For Immediate Release
New York Press Office: Michael Barry, 917-923-8245, email@example.com
NEW YORK, May 19, 2023 —To highlight how homeowners can protect themselves from dishonest contractors, the Insurance Information Institute (Triple-I) and the National Insurance Crime Bureau (NICB) are marking Contractor Fraud Awareness Week (May 22-26, 2023).
“Home contractor fraud needs fixing as entirely too many consumers fall victim to shoddy work that puts what’s oftentimes their greatest investment at increased risk. The Insurance Information Institute is proud to join forces with the National Insurance Crime Bureau to educate homeowners about the common signs of fraud and to offer steps homeowners can take to make sure they are hiring a reputable contractor,” stated Sean Kevelighan, CEO, Triple-I.
Post-disaster fraud schemes often begin with an unsolicited visit from a dishonest contractor who seeks to help victims rebuild. In addition to showing up at a victim’s front door to generate business, dishonest contractors frequently use flyers to advertise their services. Yet homeowners have multiple ways to determine a contractor’s credentials and reputation.
“Catastrophic events negatively impact millions of Americans every year,” said David Glawe, President, and CEO, NICB. “From hurricanes to floods and everything in between, these events are often scary and life-changing. But what makes this impact worse, is what happens afterwards as insurance fraud targets areas affected by these natural disasters. Often before the flood waters recede or rescue operations are complete, dishonest contractors prey upon individuals who are at their most vulnerable. Before hiring anyone, call your insurance company first. If you didn’t request it, then you should reject it.”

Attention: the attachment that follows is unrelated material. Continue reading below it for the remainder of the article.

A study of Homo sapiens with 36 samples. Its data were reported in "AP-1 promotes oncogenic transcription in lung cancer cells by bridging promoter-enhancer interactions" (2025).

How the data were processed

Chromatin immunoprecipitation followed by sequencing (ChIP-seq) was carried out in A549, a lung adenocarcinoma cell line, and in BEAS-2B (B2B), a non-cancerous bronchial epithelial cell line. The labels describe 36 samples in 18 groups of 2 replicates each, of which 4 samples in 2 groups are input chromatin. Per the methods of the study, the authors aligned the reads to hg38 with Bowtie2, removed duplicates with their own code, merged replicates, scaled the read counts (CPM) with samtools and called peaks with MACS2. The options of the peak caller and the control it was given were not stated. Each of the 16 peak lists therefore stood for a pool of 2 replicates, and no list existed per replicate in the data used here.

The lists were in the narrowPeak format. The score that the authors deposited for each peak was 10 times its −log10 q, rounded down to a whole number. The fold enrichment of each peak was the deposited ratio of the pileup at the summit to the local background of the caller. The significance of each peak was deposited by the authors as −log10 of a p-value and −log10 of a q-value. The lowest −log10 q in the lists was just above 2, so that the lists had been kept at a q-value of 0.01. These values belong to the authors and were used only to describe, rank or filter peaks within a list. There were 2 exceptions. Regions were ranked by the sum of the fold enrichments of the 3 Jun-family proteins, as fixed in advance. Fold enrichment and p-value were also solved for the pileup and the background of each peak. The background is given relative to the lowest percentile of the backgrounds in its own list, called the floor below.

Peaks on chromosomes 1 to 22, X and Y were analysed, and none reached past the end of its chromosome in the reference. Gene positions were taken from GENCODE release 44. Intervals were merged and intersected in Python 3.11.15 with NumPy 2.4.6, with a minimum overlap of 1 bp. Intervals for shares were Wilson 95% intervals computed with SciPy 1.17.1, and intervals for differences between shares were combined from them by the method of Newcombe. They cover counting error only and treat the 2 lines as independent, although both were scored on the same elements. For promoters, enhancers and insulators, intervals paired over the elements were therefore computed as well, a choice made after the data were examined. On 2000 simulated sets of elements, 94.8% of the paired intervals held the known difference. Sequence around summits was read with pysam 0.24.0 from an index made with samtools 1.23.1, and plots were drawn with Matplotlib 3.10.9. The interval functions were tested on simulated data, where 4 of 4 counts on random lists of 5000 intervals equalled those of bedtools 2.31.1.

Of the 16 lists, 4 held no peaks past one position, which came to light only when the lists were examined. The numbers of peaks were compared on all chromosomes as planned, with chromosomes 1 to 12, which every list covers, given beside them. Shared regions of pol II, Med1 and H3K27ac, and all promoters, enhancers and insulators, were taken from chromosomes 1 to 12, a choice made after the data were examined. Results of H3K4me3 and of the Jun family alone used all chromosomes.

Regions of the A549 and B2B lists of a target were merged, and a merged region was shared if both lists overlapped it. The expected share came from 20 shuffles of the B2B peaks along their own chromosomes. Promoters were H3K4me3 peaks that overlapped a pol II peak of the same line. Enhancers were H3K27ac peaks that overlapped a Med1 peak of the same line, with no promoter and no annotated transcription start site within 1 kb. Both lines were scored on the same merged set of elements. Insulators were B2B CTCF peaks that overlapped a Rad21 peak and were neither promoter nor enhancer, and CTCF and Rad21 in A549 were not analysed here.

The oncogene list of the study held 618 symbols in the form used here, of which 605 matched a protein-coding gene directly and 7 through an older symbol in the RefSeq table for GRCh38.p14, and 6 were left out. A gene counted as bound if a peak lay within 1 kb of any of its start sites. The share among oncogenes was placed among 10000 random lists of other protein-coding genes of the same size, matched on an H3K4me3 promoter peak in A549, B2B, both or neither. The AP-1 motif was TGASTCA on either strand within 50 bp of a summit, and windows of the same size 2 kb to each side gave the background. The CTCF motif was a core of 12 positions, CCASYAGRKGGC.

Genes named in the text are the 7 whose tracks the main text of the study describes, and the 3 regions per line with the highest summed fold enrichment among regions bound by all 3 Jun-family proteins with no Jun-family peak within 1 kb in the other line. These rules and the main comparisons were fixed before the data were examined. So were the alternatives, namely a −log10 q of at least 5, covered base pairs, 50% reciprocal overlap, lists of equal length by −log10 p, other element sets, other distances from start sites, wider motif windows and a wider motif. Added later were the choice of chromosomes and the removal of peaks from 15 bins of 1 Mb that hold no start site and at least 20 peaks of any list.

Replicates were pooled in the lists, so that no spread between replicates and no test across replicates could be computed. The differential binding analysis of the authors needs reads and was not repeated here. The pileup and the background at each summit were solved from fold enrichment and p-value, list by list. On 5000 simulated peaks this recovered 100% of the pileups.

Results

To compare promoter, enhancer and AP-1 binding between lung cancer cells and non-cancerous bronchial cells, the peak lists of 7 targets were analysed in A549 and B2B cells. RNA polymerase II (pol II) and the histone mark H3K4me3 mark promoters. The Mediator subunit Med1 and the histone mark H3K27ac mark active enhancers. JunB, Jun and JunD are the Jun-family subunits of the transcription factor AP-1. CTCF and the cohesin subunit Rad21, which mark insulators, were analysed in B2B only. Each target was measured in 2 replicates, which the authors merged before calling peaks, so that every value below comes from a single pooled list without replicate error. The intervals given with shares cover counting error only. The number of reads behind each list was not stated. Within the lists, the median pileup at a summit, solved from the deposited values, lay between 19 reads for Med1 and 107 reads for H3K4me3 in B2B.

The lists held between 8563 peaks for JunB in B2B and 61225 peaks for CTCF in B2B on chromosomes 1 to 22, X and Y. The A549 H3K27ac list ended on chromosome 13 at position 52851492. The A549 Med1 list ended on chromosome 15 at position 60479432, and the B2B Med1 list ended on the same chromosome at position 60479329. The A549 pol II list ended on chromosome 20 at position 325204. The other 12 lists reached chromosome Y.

Homeowners in the market for a reputable contractor should:
1. Get at least three written estimates for the work and compare bids—In the aftermath of a major natural disaster, contractors are in high demand. The pandemic and supply chain disruptions also have put additional pressure on labor and building material costs.
2. Check credentials, including licenses, references, and insurance—Reputable contractors will provide homeowners with their state and local business licenses, physical business address and telephone numbers, as well as references.
3. Make sure your contract includes estimated construction schedules and prices for labor and materials—If a contractor requires full payment upfront for a job, homeowners should think twice about doing business with them. It is common, however, for a contractor to request some money upfront after signing a contract with a homeowner as the contractor needs to buy supplies.
4. Contact your insurer to make sure your policy is up to date— If a contractor offers advice on what a homeowners insurance policy covers, the policyholder should have this interpretation double-checked by an insurance professional affiliated with the insurer who covers the damaged home.